There are 140 ways to tackle domestic violence in Queensland, but it’s clear they’re not being tried quickly enough.
It’s almost six-and-a-half months since former governor-general Dame Quentin Bryce handed down a landmark Not Now, Not Ever report with 140 recommendations on ending the crisis.
But mothers, wives, partners, sisters and daughters are still being murdered at an alarming rate in the state.
Almost 20 women have died at the hands of their current or former partners this year alone.
There are 180 reports of domestic violence to social services and authorities daily.
Two mothers have been killed in the past five days, allegedly at the hands of ex-partners.
Tara Brown, 24, died on Tuesday after being run off the road and bludgeoned in the face as she lay pinned under her car in front of onlookers in someone’s front yard.
Karina Lock, 49, died on Thursday after being shot at point blank range in front of terrified diners at a McDonald’s restaurant by her estranged partner, Steven Lock, who then turned the gun on himself.
A six-year-old girl was also allegedly murdered in her bed by her own father, while another woman was allegedly attacked with a machete by her ex-partner.
Premier Annastacia Palaszczuk has essentially offered a blank cheque to the DV Connect help line and promised to fast-track domestic violence legislation in parliament.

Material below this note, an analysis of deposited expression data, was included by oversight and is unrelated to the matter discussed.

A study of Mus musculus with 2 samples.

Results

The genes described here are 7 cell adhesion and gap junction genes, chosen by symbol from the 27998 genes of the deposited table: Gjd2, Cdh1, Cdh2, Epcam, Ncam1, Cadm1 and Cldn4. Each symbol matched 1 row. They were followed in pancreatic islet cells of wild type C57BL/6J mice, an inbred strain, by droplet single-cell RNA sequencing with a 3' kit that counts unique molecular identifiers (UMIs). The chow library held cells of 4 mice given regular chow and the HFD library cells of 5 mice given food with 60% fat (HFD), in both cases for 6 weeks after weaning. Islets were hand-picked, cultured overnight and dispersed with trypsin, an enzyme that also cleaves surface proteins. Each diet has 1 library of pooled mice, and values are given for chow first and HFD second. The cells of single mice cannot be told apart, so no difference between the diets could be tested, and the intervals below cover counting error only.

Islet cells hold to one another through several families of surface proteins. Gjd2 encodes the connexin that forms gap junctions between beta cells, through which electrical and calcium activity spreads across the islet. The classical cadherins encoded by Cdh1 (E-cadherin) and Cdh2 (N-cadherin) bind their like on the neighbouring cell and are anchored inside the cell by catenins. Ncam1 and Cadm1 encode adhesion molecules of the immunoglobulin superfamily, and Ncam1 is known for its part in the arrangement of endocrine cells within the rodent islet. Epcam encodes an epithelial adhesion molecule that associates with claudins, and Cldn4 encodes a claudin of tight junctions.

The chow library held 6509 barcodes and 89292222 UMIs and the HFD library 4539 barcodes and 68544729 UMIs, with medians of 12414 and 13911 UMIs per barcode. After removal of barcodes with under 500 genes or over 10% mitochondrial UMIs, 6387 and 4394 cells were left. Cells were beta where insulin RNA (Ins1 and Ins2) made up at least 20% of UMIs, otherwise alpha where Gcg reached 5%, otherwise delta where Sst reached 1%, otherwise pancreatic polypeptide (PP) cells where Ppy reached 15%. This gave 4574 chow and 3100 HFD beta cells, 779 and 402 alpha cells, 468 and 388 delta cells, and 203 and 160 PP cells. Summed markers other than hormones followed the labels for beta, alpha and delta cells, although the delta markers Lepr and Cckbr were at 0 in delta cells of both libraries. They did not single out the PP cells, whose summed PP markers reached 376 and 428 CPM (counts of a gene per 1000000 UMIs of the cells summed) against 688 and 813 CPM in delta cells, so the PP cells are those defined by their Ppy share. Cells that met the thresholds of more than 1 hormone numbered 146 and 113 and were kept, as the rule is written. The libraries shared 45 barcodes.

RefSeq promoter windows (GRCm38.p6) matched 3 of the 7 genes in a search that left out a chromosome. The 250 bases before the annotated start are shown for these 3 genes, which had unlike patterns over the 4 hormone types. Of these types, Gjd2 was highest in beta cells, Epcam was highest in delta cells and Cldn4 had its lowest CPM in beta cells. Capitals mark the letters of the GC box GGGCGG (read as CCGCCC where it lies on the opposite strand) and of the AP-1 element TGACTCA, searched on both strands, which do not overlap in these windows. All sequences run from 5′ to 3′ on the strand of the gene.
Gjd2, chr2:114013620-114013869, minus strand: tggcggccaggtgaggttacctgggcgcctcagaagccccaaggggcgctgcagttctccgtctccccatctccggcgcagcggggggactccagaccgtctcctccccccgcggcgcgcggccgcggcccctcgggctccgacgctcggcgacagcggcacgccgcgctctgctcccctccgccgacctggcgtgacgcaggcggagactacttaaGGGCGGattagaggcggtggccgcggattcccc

“No more talking, we need action out on the ground,” she has said.
But it’s since been revealed that the attorney-general’s office is still at least two weeks away from starting consultation on those laws.
The government received the Bryce report in February and named domestic violence as a top priority in May.
But they have been unable to explain why they took until mid-August to accept the recommendations and start taking action.
Even now, their responses appear to be hamstrung by centralisation in the departments of premier and cabinet, attorney-general and communities.
AAP’s enquiries about progress on various recommendation have been passed back and forth between departments, and then back to the same triumvirate, which have not been able respond in time for this article.
The opposition offers bipartisan support for implementing the 140 recommendations, but not without patting themselves on the back for commissioning the report.
Opposition Leader Lawrence Springborg also suggested earlier this week that Tara Brown’s death was linked to bikie laws, while his deputy, John Paul Langbroek, linked the four vicious attacks to a faltering economy.
Queensland police have not even responded to AAP’s inquiries about their progress on implementing recommendations involving their organisation.
What’s more concerning is that it appears everyone is going in circles.
Over the years we’ve seen the brutal killings of Alison Baden-Clay, Li Ping Cao, Neelma Singh and her two siblings, Noelene Beutel, Suzanna Kirton, Amanda Falconer, Annette Cherry and the list painfully goes on.
Politicians’ constant calls for immediate, national, coordinated action are now starting to ring hollow.
With Queensland’s staggering levels of domestic violence, the state is in the position to take the lead and show other states how to stop the emergency.
State parliament reconvenes on Tuesday and Queenslanders will see whether their politicians are truly committed to ensuring domestic violence is seen “Not Now, Not Ever”.
Because sadly at the moment it feels again like a case of too little, too late.